My Story

Living Dangerously

The Parachutist That Almost Didn’t Make It

By James Donahue

There was some kind of air show occurring almost every year at the South Haven Airport. They were usually such gala events that as an area bureau news reporter I had to cover them. The family often came with me because they were fun.

I remember pancake breakfasts in one of the hangers, and a lineup of restored historic aircraft ranging from old bi-planes to World War II fighters that you could walk right up to.

Not only would we get to see historic aircraft, the air shows also were just that, shows of spectacular flying and maneuvering in the sky over our heads. The pilots would bring their planes over us in close formation. They also would do wild looping while special devices emitted a trail of smoke behind them. It was always a daredevil kind of show that kept us entertained and wondering if someone wouldn’t crash in front of our eyes.

Among the kind of events held at the airport were parachute jumps. Jump clubs would occasionally gather to parachute down into the airport from high overhead. I attended one memorable show with Aaron at my side that almost turned into a disaster.

When one team of jumpers loaded into an aircraft for their performance, we watched them pack their chutes, then climb into the single engine aircraft with a side door removed. Then the plane took off. We watched it climb and climb until it was but a spec in the sky overhead. Suddenly the jumpers emerged, one after the other. We could barely see them at first, but as they fell headlong for the earth, they became more and more distinct. Then, one-by-one, the pulled their ripcords and their parachutes opened.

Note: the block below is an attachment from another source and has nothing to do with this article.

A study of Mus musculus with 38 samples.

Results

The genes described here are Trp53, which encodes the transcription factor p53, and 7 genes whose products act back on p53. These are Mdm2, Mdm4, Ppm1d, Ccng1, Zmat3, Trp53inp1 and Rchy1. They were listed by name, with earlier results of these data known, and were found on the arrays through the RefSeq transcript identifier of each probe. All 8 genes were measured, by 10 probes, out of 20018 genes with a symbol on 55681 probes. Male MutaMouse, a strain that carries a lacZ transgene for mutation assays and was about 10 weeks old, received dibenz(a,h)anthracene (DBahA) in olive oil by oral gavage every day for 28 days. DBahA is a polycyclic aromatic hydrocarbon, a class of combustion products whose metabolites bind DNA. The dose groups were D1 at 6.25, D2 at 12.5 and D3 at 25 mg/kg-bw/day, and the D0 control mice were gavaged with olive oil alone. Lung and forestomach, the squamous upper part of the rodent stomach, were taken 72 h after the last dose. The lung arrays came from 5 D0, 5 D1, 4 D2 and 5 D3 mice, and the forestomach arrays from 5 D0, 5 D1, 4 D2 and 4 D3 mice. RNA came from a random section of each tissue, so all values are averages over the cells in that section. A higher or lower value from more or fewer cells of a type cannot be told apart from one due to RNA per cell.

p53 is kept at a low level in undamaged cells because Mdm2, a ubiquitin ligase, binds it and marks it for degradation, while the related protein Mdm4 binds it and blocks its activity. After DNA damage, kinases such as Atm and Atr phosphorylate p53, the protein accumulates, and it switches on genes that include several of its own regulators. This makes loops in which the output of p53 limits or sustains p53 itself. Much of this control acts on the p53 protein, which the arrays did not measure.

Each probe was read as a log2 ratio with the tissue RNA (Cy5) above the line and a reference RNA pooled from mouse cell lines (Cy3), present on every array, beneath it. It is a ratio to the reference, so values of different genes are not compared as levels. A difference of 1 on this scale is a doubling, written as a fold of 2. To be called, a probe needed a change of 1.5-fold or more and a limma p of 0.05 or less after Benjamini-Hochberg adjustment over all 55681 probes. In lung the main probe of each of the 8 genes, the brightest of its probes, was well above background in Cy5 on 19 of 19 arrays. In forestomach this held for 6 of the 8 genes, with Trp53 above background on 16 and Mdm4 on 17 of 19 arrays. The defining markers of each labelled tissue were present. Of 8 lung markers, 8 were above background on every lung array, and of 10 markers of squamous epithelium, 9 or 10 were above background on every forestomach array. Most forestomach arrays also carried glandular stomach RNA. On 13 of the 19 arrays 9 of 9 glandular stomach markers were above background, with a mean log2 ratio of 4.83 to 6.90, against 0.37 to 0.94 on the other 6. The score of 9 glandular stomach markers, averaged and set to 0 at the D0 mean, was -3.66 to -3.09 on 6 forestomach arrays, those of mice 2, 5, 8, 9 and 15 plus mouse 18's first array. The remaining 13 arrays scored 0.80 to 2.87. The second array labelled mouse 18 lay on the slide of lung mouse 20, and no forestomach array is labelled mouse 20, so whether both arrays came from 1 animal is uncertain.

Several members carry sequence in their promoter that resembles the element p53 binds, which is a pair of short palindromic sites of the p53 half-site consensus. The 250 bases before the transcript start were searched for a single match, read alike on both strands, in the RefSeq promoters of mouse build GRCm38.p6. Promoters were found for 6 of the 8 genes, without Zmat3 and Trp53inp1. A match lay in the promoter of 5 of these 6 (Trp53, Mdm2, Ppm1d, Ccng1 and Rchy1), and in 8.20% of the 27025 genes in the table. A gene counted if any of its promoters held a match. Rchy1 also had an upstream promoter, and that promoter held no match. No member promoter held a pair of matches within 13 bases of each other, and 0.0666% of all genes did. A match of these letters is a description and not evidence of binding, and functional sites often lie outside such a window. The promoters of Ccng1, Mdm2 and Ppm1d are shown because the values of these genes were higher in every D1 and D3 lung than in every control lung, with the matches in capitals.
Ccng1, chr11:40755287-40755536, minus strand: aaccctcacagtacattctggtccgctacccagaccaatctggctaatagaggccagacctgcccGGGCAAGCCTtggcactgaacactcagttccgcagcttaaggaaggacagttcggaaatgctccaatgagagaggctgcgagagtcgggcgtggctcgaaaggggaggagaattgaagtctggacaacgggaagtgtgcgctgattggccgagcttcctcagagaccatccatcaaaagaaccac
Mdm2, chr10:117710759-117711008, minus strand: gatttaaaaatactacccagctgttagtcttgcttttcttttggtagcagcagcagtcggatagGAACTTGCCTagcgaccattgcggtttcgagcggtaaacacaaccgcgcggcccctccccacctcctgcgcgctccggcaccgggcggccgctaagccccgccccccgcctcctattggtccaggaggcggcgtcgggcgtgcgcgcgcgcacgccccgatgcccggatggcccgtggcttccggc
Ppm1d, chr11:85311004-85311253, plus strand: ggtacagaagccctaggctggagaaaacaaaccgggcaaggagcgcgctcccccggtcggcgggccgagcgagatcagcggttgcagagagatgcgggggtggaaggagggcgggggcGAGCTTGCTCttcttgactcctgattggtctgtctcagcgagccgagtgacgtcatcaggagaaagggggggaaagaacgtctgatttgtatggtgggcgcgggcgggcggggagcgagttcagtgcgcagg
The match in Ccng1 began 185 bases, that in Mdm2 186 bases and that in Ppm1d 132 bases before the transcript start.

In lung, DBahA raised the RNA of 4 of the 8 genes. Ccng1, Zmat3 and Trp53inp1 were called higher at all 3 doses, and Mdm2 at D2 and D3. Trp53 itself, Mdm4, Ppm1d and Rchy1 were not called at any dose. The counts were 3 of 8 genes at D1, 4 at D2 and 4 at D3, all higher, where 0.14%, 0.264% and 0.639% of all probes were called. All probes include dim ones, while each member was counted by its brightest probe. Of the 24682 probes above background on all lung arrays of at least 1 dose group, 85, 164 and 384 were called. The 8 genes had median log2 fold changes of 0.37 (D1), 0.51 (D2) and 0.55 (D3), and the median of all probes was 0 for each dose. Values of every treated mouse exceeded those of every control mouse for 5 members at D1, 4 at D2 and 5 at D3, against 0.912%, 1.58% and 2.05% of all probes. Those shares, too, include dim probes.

All except one. The viewers on the ground moaned as we watched one chute fly up over the jumper’s head, but fail to open. Something had happened and the parachute just flapped like a kite tail over his head. He kept falling faster and faster toward the ground. Each jumper carried a second emergency parachute strapped on their stomach for just such an emergency.. This young jumper made a terrible mistake that day, however. He pulled the ripcord on his second parachute without first releasing the first. The second chute flew out and immediately entangled itself with the first one.

We all watched in disbelief as the jumper fell toward almost certain death. He was about to splatter all over the ground within a few hundred feet of where we were all standing. I stood frozen, not believing what I was watching. I even forgot for those few moments that my young son was standing right beside me, watching what I was watching.

The jumper was shaking the ropes of the two chutes, desperately trying to get something to open and break his fall. He was getting so close we could see his furious attempts to save himself. Then, at the last moment, one of the parachutes opened. It was enough to slow his fall enough that he survived when he hit the ground.

After an examination by the other jumpers, it was determined that the young man came out of it without even breaking a bone. In fact, he repacked his chutes and went up later that day for another jump. I heard his friends advise him to do it or he would probably never jump out of an airplane again.

Just watching that event convinced me that parachuting from airplanes would never be a sport that would interest me.